Bill Jamieson: Grim wait for an exit strategy proves the mother of invention

Barely had stand-in UK prime minister Dominic Raab uttered the fateful words about “light at the end of the tunnel” than demands for exit strategy details rose to a crescendo.

The prospect of another three weeks at least of empty high streets, shuttered businesses, sharp rises in unemployment and economy-killing social distancing is almost too much to bear without some sort of plan – indeed any plan – for a recovery out of the Covid-19 lockdown.

For many thousands of companies, particularly those in the retail, tourist and hospitality sectors – hotels, restaurants, pubs, social and conference venues – it may be already too late. Every day brings news of delays and bottlenecks in getting vitally needed cash and grant aid to stricken businesses. Access to that funding is proving too difficult or too slow, and fewer than 2 per cent of the 300,000 inquiries to the government’s loan scheme are thought to have reached fruition so far. Meanwhile supply chains remain seized up and manufacturing remains in lockdown.


The services sector reported its steepest drop in activity since its PMI index began in 1998, while manufacturing output fell at its sharpest rate since early 2009. The survey also showed that Scotland outpaced the rest of the UK in terms of job cuts last month.

If you thought that was grim, consider the Office for Budget Responsibility forecasts that economic activity across the UK overall in the second quarter is set to plunge by 35 per cent. Assuming a three-month lockdown that is then phased out over another quarter, that would see unemployment rocketing to 10 per cent of the labour force, the highest level since the 1990s, despite massive payroll subsidies, and GDP would fall over the year by 13 per cent – the biggest annual drop on some calculations since 1709.

Government ministers and advisers now wrestle with the huge complexities of phased or partial lifting of restrictions – but which activities, exactly? Which age groups? All schools or just primary schools? Outdoor pubs and restaurants or those with customers staying two metres apart? And what travel would be permitted?

How do we begin to police an economy where something like a return to normality is allowed for businesses in some areas but most remain in lockdown? Perhaps the reason why minsters have been so reluctant to reveal their exit strategy plan so far is that there isn’t one – or one that would bear scrutiny: too many variables and uncertainties for a partial relaxation that is do-able, credible, capable of being policed and which does not run the risk of a second deadly coronavirus wave.

And as the exit strategy clamour intensifies, many are now doubting whether we will see anything like a recovery to “normal” for the economy. Specifically, this is growing questioning over the IMF expectation of a recovery in the US and Europe of 4.7 per cent next year and in the UK of four per cent. Likely relief will be partial and spasmodic. Customers will remain cautious long after the worst of the pandemic has passed.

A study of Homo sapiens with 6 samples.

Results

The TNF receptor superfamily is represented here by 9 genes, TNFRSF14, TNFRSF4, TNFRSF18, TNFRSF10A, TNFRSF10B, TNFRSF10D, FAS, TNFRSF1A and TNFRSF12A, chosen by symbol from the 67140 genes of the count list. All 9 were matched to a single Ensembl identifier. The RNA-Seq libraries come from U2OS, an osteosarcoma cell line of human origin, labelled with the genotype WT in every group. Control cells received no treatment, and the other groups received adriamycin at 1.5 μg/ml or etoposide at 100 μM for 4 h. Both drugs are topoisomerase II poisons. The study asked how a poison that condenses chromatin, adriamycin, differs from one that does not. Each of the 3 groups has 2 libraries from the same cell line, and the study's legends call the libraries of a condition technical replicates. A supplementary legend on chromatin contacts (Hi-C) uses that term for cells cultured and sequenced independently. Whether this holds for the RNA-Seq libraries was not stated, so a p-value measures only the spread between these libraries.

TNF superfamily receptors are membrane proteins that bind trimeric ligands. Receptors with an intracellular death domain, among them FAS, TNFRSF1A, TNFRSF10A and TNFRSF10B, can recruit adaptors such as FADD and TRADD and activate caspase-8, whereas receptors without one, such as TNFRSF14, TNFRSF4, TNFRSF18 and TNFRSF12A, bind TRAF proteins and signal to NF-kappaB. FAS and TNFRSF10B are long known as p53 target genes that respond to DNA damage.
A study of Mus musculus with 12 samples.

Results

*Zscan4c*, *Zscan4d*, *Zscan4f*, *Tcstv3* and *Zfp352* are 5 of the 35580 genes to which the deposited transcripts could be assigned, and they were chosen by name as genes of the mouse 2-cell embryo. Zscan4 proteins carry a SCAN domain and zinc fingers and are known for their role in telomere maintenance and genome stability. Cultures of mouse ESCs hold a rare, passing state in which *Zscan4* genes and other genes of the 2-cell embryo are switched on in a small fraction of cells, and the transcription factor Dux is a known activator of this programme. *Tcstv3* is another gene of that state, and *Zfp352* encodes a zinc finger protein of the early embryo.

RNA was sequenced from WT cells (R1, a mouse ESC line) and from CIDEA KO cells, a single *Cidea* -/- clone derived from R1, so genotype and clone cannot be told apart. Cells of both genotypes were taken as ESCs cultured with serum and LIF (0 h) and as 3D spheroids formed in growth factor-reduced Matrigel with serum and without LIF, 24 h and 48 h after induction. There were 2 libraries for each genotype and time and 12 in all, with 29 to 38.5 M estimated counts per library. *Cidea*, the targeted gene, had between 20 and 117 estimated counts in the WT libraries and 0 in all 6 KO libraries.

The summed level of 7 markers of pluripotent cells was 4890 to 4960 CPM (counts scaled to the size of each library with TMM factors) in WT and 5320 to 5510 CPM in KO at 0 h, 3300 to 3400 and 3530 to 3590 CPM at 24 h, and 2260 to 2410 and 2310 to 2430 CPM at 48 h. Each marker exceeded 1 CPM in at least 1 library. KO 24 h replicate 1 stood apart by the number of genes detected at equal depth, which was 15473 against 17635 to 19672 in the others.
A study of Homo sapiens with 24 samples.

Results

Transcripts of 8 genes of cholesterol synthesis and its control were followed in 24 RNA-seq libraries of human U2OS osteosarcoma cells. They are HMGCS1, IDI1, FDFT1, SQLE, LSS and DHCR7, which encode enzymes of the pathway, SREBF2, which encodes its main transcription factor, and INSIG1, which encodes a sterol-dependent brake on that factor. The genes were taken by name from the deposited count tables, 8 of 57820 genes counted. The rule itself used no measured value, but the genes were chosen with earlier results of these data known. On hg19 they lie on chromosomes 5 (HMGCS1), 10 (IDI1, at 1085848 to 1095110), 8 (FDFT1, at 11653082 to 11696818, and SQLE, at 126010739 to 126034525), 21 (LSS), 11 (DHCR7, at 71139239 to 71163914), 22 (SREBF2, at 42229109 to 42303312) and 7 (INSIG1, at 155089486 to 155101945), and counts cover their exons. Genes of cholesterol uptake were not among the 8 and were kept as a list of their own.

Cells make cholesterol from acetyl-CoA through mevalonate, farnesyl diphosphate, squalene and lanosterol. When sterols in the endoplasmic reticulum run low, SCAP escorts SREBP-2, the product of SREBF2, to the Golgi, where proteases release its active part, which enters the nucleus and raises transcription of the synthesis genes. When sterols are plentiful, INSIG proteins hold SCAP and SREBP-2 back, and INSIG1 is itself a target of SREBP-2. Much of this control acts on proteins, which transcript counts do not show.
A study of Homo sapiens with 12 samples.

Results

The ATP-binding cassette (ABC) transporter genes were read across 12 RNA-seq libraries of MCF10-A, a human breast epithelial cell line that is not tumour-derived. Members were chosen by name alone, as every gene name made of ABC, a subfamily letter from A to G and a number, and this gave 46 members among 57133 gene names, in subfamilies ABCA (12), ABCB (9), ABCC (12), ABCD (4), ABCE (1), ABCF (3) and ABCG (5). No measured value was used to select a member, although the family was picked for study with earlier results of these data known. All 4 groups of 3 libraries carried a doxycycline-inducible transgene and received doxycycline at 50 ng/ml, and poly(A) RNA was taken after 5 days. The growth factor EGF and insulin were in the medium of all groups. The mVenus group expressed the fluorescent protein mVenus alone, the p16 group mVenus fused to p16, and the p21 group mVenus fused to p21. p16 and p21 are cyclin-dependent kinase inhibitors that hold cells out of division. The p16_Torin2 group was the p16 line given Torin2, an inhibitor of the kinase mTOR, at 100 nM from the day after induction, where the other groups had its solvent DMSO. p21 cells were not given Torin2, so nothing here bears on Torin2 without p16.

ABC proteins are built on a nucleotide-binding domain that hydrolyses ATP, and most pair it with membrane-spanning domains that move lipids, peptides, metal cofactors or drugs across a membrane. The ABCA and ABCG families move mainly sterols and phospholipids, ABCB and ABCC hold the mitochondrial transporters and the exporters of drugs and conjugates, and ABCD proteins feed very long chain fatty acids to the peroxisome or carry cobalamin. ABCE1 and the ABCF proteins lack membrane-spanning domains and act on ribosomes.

Many will be wary of returning quickly to popular social destinations. Others will feel the need to replenish savings and pensions after the market slump. International trade is likely to remain depressed for years. And economies will have to contend with eye-watering levels of debt, portending tax increases for years ahead.

More immediate are the complex problems of devising a gradual recovery strategy that can be sustained and policed. Last week brought a chilling remark by Professor Neil Ferguson, a key adviser to UK government ministers, that “significant” social distancing will have to stay in place until a vaccine or treatment is found. That would sound a death-knell not just for individual hotels and restaurants but for many coastal communities critically dependent on the visitor economy.


Finally, any partial or staggered exit from lockdown would need to be fully advertised and explained to the public, for without massive public consent and compliance, such a system could quickly break down, giving rise to social tensions.

Against such a background, it is a struggle to find any positive aspect. But encouraging and growing signs of enterprise and adaptability there are.

Food suppliers and local produce companies have emerged with fleets of delivery vans to take sales of meat, fish, bread, vegetables and milk to the doorsteps of customers.

Pubs and restaurants are offering door-delivery meals. Garden centres, scunnered by totally contradictory rulings from local officials, have resorted to imaginative click-and-collect sales of summer bedding plants, shrubs and compost. And hundreds of retailers have boosted their online service and range of products.

DIY sales are booming while tens of thousands of households are adapting spare bedrooms into home offices, with a surge in demand for extra computers and software communications gadgetry. Water companies are making use of WhatsApp video calls instead of face-to-face visits to help with household crises such as loss of normal water supply or low water pressure.

At the same time, governments both north and south of the border have moved to fill gaps in the financial lifelines offered to business and speed up the bureaucratic process of claim process and delivery.

For these reasons, the scarred economy that will emerge from this crisis will be different to the one pre-pandemic – with a permanent leap in online business, internet-driven services, a swing to locally produced goods and services and a massive increase in home working.

It is this adaptability of response that is not easily captured in those deathly GDP forecasts but which offers a springboard of hope while we wait for that great government exit strategy… and wait.